Hey director, why the long movie?
Long ones can make you fidgety, crossing and uncrossing your legs, bouncing up and down to get comfortable. But the shorter ones can leave you unsatisfied, with important parts sometimes ignored.
Lengthy ones are often a bit meatier, and usually get all the praise, but when they are smaller, it means you normally stay awake for the whole thing.
Does size matter? It's a question that has tapped away at the subconscious of mankind for more years than Chris Warner has been walking the halls of Shortland St.
But after much thought and discussion, I think I have decided that nope, I don't think epic long movies are all they are cracked up to be.
After what seemed like a solid run of smack-bang two hour flicks, cinema goers are being forced to enter theatres with a mindset equivalent to taking a packed lunch and an old-lady cushion, and controlling one's bladder like a camel. And I say "oh goodness gracious, why?"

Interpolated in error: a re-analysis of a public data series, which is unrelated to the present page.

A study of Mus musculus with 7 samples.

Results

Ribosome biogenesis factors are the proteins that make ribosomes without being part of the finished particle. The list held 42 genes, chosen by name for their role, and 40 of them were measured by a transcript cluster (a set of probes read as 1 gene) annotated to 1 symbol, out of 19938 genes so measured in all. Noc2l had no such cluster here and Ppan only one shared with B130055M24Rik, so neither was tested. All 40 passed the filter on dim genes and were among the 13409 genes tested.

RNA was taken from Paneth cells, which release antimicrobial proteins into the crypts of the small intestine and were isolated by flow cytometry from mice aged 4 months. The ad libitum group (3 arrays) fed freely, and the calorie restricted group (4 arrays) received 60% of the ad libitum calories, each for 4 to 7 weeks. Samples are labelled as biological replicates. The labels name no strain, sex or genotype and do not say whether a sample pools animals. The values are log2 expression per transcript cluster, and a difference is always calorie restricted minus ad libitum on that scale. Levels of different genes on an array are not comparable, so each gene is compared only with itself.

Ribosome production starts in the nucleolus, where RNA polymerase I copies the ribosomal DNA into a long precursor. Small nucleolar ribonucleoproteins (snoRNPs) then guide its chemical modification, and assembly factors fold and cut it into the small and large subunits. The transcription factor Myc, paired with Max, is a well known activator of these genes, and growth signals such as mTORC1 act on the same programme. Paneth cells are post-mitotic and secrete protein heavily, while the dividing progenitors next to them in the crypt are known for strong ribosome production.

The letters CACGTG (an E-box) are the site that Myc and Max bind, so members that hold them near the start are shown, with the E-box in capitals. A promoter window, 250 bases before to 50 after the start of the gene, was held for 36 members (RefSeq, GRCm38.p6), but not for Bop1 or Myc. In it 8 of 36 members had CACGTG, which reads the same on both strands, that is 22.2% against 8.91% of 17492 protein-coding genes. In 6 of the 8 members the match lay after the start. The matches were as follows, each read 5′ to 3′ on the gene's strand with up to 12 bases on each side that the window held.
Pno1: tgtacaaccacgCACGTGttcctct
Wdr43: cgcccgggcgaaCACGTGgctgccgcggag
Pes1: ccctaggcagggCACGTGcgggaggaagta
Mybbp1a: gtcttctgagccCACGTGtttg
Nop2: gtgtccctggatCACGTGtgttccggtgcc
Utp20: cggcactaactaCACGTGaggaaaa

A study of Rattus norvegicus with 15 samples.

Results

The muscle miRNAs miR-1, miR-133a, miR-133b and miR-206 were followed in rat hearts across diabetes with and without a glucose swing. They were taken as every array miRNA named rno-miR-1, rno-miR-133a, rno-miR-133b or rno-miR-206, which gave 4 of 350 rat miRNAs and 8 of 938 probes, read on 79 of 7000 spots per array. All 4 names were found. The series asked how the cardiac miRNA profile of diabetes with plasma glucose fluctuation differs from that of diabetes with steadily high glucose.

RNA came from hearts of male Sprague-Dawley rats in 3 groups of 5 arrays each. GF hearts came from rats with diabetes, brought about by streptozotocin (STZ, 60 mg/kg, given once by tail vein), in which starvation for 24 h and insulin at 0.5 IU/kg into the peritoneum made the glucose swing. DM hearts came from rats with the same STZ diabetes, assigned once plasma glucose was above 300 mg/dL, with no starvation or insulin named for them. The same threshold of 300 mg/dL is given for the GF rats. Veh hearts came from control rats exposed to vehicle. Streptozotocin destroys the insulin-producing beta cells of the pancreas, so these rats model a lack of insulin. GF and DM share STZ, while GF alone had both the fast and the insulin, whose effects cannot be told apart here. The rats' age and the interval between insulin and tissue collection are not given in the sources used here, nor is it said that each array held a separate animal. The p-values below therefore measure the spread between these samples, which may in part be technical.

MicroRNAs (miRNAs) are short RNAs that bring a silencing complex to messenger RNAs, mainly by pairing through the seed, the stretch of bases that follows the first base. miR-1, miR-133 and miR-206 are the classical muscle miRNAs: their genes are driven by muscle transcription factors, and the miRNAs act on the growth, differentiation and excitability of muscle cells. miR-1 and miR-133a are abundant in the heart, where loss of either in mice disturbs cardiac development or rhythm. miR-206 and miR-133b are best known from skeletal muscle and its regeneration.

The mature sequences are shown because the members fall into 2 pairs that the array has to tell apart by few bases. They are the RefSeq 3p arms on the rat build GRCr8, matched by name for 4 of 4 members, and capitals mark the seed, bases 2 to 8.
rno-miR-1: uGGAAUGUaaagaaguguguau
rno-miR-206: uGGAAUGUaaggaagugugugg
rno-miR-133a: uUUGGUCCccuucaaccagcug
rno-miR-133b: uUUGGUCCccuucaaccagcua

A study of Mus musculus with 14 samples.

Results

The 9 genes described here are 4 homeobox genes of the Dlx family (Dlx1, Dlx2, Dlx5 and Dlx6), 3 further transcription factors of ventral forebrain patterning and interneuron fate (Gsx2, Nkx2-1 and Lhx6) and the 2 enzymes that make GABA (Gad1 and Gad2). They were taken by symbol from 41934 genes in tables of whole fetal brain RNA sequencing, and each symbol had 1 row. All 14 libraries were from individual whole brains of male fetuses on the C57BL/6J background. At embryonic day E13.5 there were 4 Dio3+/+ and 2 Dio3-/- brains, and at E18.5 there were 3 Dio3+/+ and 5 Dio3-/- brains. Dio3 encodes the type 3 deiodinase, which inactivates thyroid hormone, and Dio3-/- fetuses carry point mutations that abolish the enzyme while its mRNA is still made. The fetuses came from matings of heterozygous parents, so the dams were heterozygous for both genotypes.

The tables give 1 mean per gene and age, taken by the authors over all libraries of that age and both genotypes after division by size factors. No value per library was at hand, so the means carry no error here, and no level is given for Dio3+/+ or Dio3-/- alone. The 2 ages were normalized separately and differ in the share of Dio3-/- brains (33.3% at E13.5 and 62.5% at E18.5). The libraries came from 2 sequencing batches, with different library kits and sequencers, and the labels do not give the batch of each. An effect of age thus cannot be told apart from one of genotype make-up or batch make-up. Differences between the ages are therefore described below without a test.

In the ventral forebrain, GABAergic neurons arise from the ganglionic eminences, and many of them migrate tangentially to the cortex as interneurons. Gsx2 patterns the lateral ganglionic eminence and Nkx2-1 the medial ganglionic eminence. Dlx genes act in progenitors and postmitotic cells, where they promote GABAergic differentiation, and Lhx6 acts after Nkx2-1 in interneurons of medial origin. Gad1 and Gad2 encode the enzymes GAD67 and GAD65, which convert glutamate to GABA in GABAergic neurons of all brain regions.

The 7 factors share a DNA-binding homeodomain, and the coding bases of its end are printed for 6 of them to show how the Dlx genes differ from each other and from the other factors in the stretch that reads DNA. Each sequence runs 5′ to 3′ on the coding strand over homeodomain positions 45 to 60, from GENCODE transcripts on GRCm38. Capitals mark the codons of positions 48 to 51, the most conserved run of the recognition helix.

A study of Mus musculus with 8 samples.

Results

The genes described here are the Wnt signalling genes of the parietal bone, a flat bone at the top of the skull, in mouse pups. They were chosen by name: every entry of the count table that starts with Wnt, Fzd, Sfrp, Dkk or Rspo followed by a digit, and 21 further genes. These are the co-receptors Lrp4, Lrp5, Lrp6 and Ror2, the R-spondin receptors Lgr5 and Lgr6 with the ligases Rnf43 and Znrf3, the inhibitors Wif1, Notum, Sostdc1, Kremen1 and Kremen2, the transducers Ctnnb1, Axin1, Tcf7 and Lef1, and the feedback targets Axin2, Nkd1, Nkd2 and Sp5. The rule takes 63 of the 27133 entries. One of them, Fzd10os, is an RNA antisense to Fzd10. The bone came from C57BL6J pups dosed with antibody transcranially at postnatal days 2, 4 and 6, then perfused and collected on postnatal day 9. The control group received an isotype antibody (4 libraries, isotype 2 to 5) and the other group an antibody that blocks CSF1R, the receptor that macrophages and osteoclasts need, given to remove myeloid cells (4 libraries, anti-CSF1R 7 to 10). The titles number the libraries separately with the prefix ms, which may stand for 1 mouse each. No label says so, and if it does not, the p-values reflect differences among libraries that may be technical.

From The Hobbit (2hr 49mins) to Les Miserables (2hr 38mins) and now Django Unchained (2hr 45mins), the three biggest movies of the summer are whoppers. If you watch the trifecta, that is more hours on the clock than the average work day (but please don't try and spend a whole day watching them, I don't want to be responsible for that).
Maybe they are big topics - an unexpected journey by a man with relatively short legs, the fight for redemption and a lot of songs to get through, and slavery with a hint of blood-lust - but sure it's nothing a bit of extra time in the editing suite could fix? I guess the editing dude was off work that day.
As my date to Les Mis said, it's not like these movies are Titanic. Maybe it says something about us, but watching a loved-up couple plunge to their almost-certain deaths is the only thing that will keep us happy for any great length of time.
And when the team behind the latest take on Anna Karenina (aka basically the world's longest book), can deliver something just a jot over 120 minutes, it's clear that it's possible.
Yes, they are a wonderful example of bang-for-your-buck (going to the movies is not a cheap night out anymore, after all), but is it wrong that I am longing for the days of intermission, when you are jolted out of the story but the pay-off is a toilet break, a chance to stretch the old legs, and to grab some more Jaffas? Think of that extra revenue, cinema owners, and think of the children (or just this fidgety, thirsty one).